Top Catholic: Hillary is Unvotable


In an interview with the Italian journal Tempi, Michael Novak admitted that even though Donald Trump isn’t the candidate he’d prefer, he is a much better choice than Hillary Clinton, especially for Catholics. “It is clear that Trump is not exactly the candidate by whom a Catholic would want to be represented. But in politics you elect a president, not a saint, or a bishop or the Pope,” said Novak, the author of the international bestseller The Spirit of Democratic Capitalism and a point of reference for many Catholic thinkers.

Along with other Catholic intellectuals, Novak considers Hillary to be simply unvotable. “She’s a woman who has lied, violated national laws and anyone else would end up in prison for these things,” he said. “As for me, I cannot vote for a candidate so favorable to abortion, to the secularist agenda in the moral sphere and such a ferocious adversary of religious freedom.”

Novak acknowledged that it isn’t easy for Europeans to see the elections the way Americans do. “The truth is that if Clinton wins we risk losing our freedom, because Democrats are increasingly illiberal with those who don’t think the way they do,” he said. Regarding the popularity of the Republican candidate with middle America, Novak said that Trump is “very good at talking to the gut feelings of the country” and always repeats the same message to Americans: “they have betrayed you, it is time to change. If he is successful it is because he simply speaks a great truth. All Americans know very well that they have been betrayed. But this betrayal did not happen in a day, it started 60 years ago,” he said.  “We started to divide values from life, values from law, through many small compromises. And Catholics have a great responsibility in this. Education has failed, because the universities have all fallen into the hands of the left and we have pulled down a whole generation, the so-called millennials, into a vacuum of values and meaning,” he said.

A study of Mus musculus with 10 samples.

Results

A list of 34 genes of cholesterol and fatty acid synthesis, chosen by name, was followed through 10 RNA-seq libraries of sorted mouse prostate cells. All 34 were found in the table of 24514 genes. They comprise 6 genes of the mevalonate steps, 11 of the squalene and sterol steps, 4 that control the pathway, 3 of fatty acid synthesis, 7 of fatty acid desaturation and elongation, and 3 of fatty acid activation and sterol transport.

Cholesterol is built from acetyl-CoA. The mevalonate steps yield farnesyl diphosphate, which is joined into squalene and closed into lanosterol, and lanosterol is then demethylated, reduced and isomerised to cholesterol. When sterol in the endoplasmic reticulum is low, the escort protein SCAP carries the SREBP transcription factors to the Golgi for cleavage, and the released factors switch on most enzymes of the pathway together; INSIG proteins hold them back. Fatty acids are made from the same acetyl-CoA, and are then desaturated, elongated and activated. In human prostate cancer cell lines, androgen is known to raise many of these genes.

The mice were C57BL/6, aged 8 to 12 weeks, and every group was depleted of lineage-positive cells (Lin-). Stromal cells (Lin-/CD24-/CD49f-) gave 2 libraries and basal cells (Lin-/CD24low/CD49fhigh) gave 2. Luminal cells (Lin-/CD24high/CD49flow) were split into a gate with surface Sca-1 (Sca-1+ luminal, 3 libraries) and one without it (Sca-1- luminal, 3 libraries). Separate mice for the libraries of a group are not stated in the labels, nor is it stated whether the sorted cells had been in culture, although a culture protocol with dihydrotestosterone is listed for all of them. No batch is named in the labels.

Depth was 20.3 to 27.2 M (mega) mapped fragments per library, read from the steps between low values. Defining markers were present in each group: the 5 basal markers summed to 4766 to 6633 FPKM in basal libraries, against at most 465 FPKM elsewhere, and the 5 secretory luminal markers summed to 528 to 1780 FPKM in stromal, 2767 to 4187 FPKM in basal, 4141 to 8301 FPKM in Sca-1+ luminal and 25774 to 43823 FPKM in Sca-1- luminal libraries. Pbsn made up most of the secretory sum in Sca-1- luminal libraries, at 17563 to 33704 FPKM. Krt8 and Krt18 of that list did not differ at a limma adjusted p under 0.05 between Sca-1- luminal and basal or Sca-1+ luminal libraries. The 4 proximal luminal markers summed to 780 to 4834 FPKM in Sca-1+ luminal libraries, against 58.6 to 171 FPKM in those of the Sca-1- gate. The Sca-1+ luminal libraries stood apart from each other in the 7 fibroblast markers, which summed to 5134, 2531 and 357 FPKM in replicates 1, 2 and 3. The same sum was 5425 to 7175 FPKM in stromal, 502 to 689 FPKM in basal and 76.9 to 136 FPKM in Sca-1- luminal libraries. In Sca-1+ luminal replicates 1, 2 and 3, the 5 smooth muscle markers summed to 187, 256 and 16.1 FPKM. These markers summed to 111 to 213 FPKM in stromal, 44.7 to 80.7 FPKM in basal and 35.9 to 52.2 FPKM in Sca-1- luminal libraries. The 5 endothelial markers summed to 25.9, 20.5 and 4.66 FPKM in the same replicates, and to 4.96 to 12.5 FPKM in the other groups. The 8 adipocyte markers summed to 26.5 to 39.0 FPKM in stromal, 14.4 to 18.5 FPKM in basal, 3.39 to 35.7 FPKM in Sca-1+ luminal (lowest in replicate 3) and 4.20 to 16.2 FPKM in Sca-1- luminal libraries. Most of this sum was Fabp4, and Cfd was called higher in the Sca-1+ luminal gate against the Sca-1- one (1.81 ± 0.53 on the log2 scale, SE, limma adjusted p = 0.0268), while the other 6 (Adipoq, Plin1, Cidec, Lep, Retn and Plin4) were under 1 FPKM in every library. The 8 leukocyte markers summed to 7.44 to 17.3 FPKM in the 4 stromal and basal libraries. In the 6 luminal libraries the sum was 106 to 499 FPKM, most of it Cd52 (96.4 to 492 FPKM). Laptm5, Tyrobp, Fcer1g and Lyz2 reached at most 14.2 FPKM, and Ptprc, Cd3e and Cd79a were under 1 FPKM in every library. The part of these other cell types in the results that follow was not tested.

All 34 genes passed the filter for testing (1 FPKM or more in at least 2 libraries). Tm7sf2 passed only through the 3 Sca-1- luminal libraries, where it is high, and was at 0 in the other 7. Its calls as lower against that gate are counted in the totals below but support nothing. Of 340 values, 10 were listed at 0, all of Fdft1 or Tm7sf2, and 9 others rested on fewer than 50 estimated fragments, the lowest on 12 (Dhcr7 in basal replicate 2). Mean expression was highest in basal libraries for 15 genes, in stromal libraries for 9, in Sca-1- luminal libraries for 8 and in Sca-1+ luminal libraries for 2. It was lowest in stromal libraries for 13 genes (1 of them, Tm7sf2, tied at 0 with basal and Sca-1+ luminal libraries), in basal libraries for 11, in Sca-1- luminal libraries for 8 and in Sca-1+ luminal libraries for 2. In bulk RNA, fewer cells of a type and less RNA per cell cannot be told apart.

According to Breitbard, Novak is noteworthy for having refused to sign a letter released by Catholic intellectuals and pundits during the Republican primaries last March, in which they called Trump “manifestly unfit to be president of the United States” and urged their fellow Catholics and fellow citizens “to reject his candidacy.” Although the letter was intended to sway the primaries away from Trump, once he won the nomination, it left the letter’s signers in the problematic position of having already come down firmly against the Republican candidate, thereby hobbling their opposition to the Clinton campaign. This, in turn, left Novak as a sort of standard-bearer for Catholic intellectuals firmly opposed to a Hillary Clinton presidency, especially since, as a political realist, he understands — as some of his colleagues seem not to — that there are only two serious candidates in the election. For all its poetic grandeur, voting a “third party” candidate equates to abstention from the democratic process.”

“The main issue in this election is the divide between those who are college educated and those who have not attended,” says Novak. “The former have a firm grip on the country. They control the TV stations, newspapers, radio, universities, all the great vehicles of culture. Some argue that they have formed a new social class, under the hegemony and control of the Democratic Party. They have drunk from a secular teaching that draws its content from New York Times editorials,” he said.